Logistics startup, Kobo360, has raised a $6 million equity investment led by the International Finance Corporation (IFC) with participation from others including Silicon Valley investors WTI, Y-Combinator, and African institutional investors Cardinal Stone Partners, Chandaria Capital, and TLcom to upgrade its platform and expand operations to Ghana, Togo and Cote D’Ivoire.

The Nigerian trucking logistics startup had earlier raised $1.2 million in pre-seed funding round soon after being accepted into the Y-Combinator class of 2018. The company has served 900 businesses, aggregated a fleet of 8,000 drivers and moved 155 million kilograms. Top clients include Honeywell, Olam, Unilever, Dangote and DHL.

Commenting on the new development, Obi Ozor, CEO and Founder of Kobo said


Ozor noted that the startup has scaled from just an app to a platform that offers supply chain management tools for enterprise customers.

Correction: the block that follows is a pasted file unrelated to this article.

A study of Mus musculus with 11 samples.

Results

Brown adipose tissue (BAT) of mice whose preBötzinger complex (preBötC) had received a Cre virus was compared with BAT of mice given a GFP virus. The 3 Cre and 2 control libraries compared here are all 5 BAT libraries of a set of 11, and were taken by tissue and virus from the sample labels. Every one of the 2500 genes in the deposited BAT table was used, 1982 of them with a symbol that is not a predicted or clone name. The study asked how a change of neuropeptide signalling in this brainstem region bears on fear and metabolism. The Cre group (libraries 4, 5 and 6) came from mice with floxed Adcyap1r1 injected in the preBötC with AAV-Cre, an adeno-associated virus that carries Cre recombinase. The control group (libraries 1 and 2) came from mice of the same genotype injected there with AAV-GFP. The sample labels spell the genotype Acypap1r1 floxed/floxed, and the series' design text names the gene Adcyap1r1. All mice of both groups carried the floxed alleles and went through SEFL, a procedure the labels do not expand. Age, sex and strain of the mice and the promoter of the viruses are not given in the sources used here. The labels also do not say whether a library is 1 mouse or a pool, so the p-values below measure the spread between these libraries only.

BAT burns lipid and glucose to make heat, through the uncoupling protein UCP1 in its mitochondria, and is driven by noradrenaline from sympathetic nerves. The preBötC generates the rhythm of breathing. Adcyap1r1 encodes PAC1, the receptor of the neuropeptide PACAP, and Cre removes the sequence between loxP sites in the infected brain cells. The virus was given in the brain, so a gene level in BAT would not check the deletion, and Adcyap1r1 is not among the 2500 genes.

According to him

“Large enterprises are asking us for very specific features related to movement, tracking and sales of their goods. We either integrate other services, like SAP, into Kobo or we build those solutions into our platform directly.

“We want clients to be able to use our Kobo dashboard for everything; moving goods, tracking, sales and accounting and tackling their challenges.”

Philippe Le Houérou, CEO of IFC, noted that the corporation is committed to supporting the digital economy and young entrepreneurs in Nigeria and across Africa.

“IFC’s investment in Kobo demonstrates how disruptive technologies can enhance the development of key sectors and contribute to Nigeria’s economic diversification. This is an innovative startup that is making company operations more efficient and lowering transport costs.”

Logistics has become an active space in Africa’s tech sector, with startup entrepreneurs connecting digital to delivery models. A report by MarketLine, estimated the value of Nigeria’s transportation sector in 2016 at $6 billion, with 99.4 per cent comprising road freight.